Hundreds of children died in Native American boarding schools, report finds
Native American children at the U.S.'s 408 federal Indian boarding schools suffered whippings, sexual abuse, manual labor and severe malnourishment between 1819 and 1969 as part of the American government's campaign to compel their assimilation, according to a report released Wednesday by the Interior Department.
The big picture: Interior Secretary Deb Haaland authorized an investigation into the U.S.'s Indian boarding school system after the discovery of Indigenous children's remains at an old Canadian residential school site renewed attention on Americas' history of genocide against Indigenous peoples. The probe has since identified marked or unmarked burial sites at roughly 53 different schools.
Details: The federal residential school system was founded as part of an effort to eradicate Indigenous languages and cultures.
- "Federal records indicate that the United States viewed official disruption to the Indian family unit as part of Federal Indian policy to assimilate Indian children," the report notes.
- Initial research shows that hundreds of Indigenous children died throughout the system. The continued investigation is likely to reveal the actual number of deaths to be in the thousands or tens of thousands, the report notes.
The systematic "identity-alteration methodologies" employed by these schools included:
- Forcing Native American children to use English names
- Cutting their hair
- Requiring standard uniforms
- Barring cultural and religious practices as well as use of Native languages
These rules were often enforced through punishments that took the form of solitary confinement, whipping, withholding food and slapping.
- The provision of care was "grossly inadequate." The Interior identified several "well-documented" instances of physical, sexual and emotional abuse; disease; malnourishment; overcrowding; and lack of health care.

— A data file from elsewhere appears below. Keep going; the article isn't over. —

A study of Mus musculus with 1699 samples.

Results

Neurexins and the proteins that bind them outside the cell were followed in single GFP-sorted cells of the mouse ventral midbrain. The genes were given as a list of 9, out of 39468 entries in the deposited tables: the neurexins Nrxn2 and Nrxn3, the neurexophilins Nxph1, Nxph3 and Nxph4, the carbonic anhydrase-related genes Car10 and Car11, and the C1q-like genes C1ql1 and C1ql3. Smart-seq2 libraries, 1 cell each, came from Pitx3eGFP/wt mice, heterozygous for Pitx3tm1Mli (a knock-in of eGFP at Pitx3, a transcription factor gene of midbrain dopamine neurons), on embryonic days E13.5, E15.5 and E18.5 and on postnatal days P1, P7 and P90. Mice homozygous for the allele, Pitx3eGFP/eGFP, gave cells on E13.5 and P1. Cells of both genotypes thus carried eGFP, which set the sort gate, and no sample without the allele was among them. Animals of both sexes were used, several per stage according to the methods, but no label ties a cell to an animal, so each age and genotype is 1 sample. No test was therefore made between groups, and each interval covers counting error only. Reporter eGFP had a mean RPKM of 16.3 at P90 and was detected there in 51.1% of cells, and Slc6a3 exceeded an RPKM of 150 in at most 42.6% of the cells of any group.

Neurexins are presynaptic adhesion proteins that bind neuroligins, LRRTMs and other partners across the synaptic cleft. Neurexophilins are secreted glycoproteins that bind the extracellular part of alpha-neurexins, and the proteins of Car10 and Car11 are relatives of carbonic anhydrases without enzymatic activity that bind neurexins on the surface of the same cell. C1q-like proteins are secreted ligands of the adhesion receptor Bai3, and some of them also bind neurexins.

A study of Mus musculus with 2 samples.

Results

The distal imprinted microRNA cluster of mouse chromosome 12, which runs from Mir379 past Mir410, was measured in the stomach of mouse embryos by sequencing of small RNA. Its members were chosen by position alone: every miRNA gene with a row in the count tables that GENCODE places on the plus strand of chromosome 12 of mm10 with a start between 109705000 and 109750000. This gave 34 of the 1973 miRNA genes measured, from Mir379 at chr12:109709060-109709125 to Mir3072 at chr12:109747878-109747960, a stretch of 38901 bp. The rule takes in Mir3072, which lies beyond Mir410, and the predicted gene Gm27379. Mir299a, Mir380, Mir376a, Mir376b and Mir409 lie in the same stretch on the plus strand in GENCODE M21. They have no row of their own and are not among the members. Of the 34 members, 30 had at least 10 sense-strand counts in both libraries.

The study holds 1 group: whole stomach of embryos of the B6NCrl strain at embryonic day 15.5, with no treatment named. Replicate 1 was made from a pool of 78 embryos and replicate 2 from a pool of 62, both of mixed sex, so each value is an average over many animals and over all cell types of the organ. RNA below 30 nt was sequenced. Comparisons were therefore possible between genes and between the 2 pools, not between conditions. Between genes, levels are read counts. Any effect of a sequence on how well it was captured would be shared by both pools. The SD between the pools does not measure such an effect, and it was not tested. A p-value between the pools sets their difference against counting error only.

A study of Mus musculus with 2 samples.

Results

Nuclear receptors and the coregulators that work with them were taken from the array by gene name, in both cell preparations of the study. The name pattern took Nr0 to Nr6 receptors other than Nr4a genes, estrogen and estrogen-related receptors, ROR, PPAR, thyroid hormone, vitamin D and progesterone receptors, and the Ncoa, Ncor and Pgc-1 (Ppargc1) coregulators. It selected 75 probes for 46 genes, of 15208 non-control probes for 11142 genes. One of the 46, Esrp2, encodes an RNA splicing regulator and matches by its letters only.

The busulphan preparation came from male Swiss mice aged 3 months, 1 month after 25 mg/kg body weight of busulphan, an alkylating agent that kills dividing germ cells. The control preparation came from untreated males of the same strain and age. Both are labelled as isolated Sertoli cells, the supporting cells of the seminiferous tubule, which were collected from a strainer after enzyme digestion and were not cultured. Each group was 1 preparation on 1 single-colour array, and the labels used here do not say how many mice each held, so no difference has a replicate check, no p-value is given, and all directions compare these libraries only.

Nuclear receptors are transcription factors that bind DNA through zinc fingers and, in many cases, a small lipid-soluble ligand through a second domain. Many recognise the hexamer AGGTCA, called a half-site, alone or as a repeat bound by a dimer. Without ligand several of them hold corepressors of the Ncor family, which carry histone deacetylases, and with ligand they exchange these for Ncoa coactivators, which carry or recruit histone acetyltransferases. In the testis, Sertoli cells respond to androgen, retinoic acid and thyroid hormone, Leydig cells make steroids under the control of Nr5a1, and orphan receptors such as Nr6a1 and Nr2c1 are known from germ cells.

- Manual labor was also a common feature — in 1903 at the Mescalero Boarding School in New Mexico, Mescalero Apache boys sawed over 70,000 feet of lumber and made upward of 120,000 bricks.
- Many children tried to escape but were found, brought back and punished, according to the report. The damage had long-term health effects.
Worth noting: "The deaths of Indian children while under the care of the Federal Government, or federally supported institutions, led to the breakup of Indian families and the erosion of Indian Tribes, Alaska Native Villages, and the Native Hawaiian Community," the report states.
- "The Department must fully account for its role in this effort and renounce forced assimilation ... as a legitimate policy objective."
What they're saying: "I came from ancestors who endured the horrors of the Indian boarding school assimilation policies carried out by the same department that I now lead," a visibly emotional Haaland said Wednesday at a press conference.
- "Many children like them never made it back to their homes. Each of those children is a missing family member, a person who was not able to live out their purpose on this earth."
- "Recognizing the impacts of the federal Indian boarding school system cannot just be a historical reckoning," she added. "We must also chart a path forward to deal with these legacy issues to address the intergenerational impact ... and to promote spiritual and emotional healing in our communities."
What to watch: Haaland announced Wednesday the launch of a yearlong tour across the U.S. that will allow survivors the opportunity to share their stories and connect with trauma-informed support.
- The document released Wednesday is volume one of the investigation, which will continue under Assistant Secretary for Indian Affairs Bryan Newland.